Weigh Loss Tips : Time To Go Back To The Roots With These Ancient Indian Eating Habits.

We have changed a lot as a society, whether it's in terms of lifestyle or cuisine, and this has affected our health. We consume mindlessly, and our bodies have become a breeding ground for a variety of ailments. By Bani Sharma | YEET MAGAZINE Published 0717 GMT (1517 HKT) July 8, 2021

Weigh Loss Tips : Time To Go Back To The Roots With These Ancient Indian Eating Habits.

By Bani Sharma | YEET MAGAZINE  Updated 0200 GMT (1000 HKT) July 20, 2021

Over time, India has seen rapid changes in societal behaviour.

We have changed a lot as a society, whether it's in terms of lifestyle or cuisine, and this has affected our health. We consume mindlessly, and our bodies have become a breeding ground for a variety of ailments.

Our forefathers in India used to eat fresh foods, sit on the floor, and use all of their senses while eating, resulting in disease-free health.Here's why and how to revive using and  cultivating those ancient habits.

  1. Eating fresh food :

Our forefathers ate fresh, chemical-free foods cultivated locally. Their diet and activity patterns were well-balanced, and they had fewer health problems. Keeping this in mind, we should purchase or cultivate food that is local and seasonal. They're fresh, and they're less expensive.

Purchasing food produced locally benefits our farmers and communities. Preservative-laden and heavily processed foods should be avoided. Rather than creating juice from fruits and vegetables, it is preferable to cut them. When food is transformed to juices, the nutrients are lost.


Eating while seated on the floor in a crossed-legged position aids digestion and assimilation. This is also known as ‘Sukhasana,' and it is an age-old tradition followed by many Indian families. If sitting on the floor isn't an option, you can adopt this stance at your dining table.


Eating without distraction and using all of your senses while eating was also a sort of meditation practised by our forebears. Not only the taste buds but other senses were employed while having their meal.

Eyes: Allow your eyes to observe your meal. The brown chapatti, green veggies, yellow lentils, and vivid fruits offers us an initial picture of the dish. The colour, shape, size, and texture of the food we eat are all communicated to the brain through sight. While dining, avoid watching television, reading the newspaper, or using your laptop. It obstructs the digestive process.

Nose: Our tongue's taste buds can only detect sweet, tangy, bitter, and salty flavours; the rest is detected by smell. Before we eat, we should smell the meal to prepare our stomach for the necessary gastric juice release for digestion.

Hands: Though it is considered unhygienic to eat with one's hands in our day and age, our forefathers understood the importance of touch while eating.

The texture of the meal stimulates the digestive fluids by activating the nerve endings in our fingers. According to Ayurveda the five fingers represent the five elements of food.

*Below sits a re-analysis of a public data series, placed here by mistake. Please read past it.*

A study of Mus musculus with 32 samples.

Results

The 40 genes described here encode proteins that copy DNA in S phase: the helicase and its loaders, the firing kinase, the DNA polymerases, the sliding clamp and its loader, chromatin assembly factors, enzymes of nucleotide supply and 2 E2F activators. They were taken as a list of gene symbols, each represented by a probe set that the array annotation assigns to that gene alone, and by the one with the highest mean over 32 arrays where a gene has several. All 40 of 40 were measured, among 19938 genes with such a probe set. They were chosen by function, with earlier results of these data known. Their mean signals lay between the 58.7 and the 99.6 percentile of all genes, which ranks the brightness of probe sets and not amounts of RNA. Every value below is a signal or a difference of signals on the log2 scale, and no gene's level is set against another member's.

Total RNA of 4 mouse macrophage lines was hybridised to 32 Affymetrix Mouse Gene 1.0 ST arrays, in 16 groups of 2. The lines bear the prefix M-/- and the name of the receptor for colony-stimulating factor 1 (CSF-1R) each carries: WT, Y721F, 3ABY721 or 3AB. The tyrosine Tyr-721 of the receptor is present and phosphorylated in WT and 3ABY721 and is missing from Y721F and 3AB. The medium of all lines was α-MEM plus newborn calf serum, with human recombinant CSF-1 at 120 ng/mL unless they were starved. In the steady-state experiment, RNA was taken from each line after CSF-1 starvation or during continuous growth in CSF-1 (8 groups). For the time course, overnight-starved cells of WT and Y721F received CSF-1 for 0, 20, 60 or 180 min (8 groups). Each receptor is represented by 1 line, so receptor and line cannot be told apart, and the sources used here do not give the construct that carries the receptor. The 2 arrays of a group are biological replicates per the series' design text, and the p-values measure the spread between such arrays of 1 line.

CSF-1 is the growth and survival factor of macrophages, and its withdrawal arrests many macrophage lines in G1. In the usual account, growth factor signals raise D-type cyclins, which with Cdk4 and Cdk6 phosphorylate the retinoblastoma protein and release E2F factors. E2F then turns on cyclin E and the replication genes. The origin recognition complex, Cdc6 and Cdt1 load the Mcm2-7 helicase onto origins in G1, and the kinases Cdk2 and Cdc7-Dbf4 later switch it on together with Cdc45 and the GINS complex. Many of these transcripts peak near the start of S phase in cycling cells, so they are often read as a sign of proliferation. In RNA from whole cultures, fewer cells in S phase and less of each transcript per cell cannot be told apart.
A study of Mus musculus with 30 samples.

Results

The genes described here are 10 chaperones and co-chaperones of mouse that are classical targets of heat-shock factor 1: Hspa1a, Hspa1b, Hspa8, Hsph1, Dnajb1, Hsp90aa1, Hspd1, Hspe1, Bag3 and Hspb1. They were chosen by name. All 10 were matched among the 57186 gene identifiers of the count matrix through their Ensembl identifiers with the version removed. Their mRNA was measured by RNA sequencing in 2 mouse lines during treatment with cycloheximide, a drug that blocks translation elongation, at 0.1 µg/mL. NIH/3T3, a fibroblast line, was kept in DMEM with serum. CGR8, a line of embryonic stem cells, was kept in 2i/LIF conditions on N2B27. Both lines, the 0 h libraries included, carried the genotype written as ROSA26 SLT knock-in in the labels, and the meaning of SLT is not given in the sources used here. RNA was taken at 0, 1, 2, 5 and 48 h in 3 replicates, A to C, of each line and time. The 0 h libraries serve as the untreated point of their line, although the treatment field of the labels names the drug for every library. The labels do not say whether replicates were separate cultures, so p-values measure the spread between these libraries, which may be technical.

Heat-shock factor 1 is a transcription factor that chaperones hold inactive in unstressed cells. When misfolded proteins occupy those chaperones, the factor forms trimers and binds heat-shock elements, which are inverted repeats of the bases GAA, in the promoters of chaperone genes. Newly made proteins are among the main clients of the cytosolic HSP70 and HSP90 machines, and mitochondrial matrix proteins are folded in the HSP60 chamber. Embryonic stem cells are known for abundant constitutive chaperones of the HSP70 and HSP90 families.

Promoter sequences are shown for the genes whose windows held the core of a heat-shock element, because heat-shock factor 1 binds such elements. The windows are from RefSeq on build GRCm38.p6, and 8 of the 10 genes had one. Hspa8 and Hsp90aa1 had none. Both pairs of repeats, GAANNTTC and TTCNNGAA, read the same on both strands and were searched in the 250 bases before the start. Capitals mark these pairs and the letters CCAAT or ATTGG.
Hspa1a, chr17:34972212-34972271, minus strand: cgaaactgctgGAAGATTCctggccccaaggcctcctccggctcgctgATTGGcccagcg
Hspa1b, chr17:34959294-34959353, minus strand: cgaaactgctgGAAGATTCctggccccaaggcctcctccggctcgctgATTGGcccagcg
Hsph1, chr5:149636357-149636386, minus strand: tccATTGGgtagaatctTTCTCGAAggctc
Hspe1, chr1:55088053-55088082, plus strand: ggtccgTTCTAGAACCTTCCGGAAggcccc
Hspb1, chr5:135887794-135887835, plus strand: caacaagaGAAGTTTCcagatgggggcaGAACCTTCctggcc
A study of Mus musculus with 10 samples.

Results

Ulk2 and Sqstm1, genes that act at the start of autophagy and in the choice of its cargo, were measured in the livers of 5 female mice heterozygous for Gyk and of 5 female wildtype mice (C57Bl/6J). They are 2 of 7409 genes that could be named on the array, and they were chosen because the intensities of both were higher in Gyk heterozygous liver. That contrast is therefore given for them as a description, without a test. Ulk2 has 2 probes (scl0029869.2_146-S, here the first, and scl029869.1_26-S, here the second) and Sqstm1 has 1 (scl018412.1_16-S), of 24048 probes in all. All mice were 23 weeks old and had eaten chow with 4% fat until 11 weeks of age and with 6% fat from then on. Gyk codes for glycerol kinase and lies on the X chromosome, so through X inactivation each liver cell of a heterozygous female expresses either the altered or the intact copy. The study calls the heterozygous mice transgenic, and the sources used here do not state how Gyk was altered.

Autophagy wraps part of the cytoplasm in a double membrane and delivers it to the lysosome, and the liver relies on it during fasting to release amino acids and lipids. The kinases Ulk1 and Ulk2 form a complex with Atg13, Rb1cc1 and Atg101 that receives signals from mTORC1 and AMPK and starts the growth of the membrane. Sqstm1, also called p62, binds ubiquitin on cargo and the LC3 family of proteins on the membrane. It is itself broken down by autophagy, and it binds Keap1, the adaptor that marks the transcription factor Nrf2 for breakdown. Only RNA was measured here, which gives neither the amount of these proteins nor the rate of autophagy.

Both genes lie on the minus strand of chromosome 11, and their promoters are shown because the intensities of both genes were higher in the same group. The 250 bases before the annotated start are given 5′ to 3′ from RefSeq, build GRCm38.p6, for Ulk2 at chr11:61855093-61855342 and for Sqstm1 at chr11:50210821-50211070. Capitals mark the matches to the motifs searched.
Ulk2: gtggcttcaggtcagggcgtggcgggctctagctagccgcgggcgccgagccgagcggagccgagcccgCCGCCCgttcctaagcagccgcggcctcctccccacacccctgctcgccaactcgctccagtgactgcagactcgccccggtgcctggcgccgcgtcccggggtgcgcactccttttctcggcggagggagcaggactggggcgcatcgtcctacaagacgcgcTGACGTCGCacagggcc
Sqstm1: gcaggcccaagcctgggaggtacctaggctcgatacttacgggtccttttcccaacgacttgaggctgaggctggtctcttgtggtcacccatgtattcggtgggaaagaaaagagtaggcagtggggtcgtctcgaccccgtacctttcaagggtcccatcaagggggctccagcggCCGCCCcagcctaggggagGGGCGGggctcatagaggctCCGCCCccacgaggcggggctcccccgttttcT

1. The element Fire is related with the thumb (Agni)
  2. The element Air is represented by the index finger (Vayu)
  3. The element Space is represented by the middle finger (Akash)
  4. The element Earth is related with the ring finger (Prithvi)
  5. The nerve endings in the fingertips are triggered to aid digestion when all of the elements come together while eating with hands.

The stomach receives signals from the brain that we are going to eat, and produce the digestive juices needed for digestion.

Ears: Eating in silence allows you to concentrate on the food. Silence also aids in the recognition of food texture. Eating with a relaxed mind allows you to absorb all of the nutrients.

Do not allow yourself to be distracted when eating. Turn off the television and don't talk on the phone while you're eating.

Loud noises interfere with your body's capacity to digest meals and may contribute to weight gain. You will overeat if you are distracted. Ears should listen to the silence you observe while eating.

Do not overeat:

Our forefathers ate only when they were hungry and ate in small portions throughout the day. Eating too much is the root of all ailments. Overeating encompasses not only eating too much but also eating the wrong stuff at the wrong time. Bloating, constipation, heartburn, and burping are all symptoms of overeating.

These are the messages that our stomach sends us. Instead of eating well, we grab for the antacids, hoping that they will alleviate the discomfort. Do we realise, however, that antacids kill the healthy bacteria in our guts, exacerbating our digestion issues?
Serve yourself half of what you normally consume. Eat slowly and chew well with small bites. Chewing thoroughly and slowly prevents overeating. Don't pick up the food from your plate while you still have food in your mouth. You eat quickly and more, and in turn you eat excessively. When you've finished the first portion, ask whether there's more to eat or stop. Eat with all your senses.

Eating warm foods:

Our forefathers ate freshly cooked meals. They stayed away from fast food and junk food. They didn't have the ability to refrigerate their food back then. They had to cook every meal because their food was primarily perishable. Warm food gives you more pleasure than cold food.

Hot food is easier to digest and provides more nutrients to the body. It also helps to speed up the metabolism. Getting hot food is preferable since it is less likely to be contaminated by microorganisms.

We can avoid problems like heart disease, diabetes, obesity, blood pressure, and others by adopting certain eating habits. Eating between 7 and 10 a.m. is ideal because this is when our digestive and assimilation abilities are at their peak. For total health, we must gradually acquire appropriate eating habits.

It's never too late to rediscover the art of eating as our forefathers did.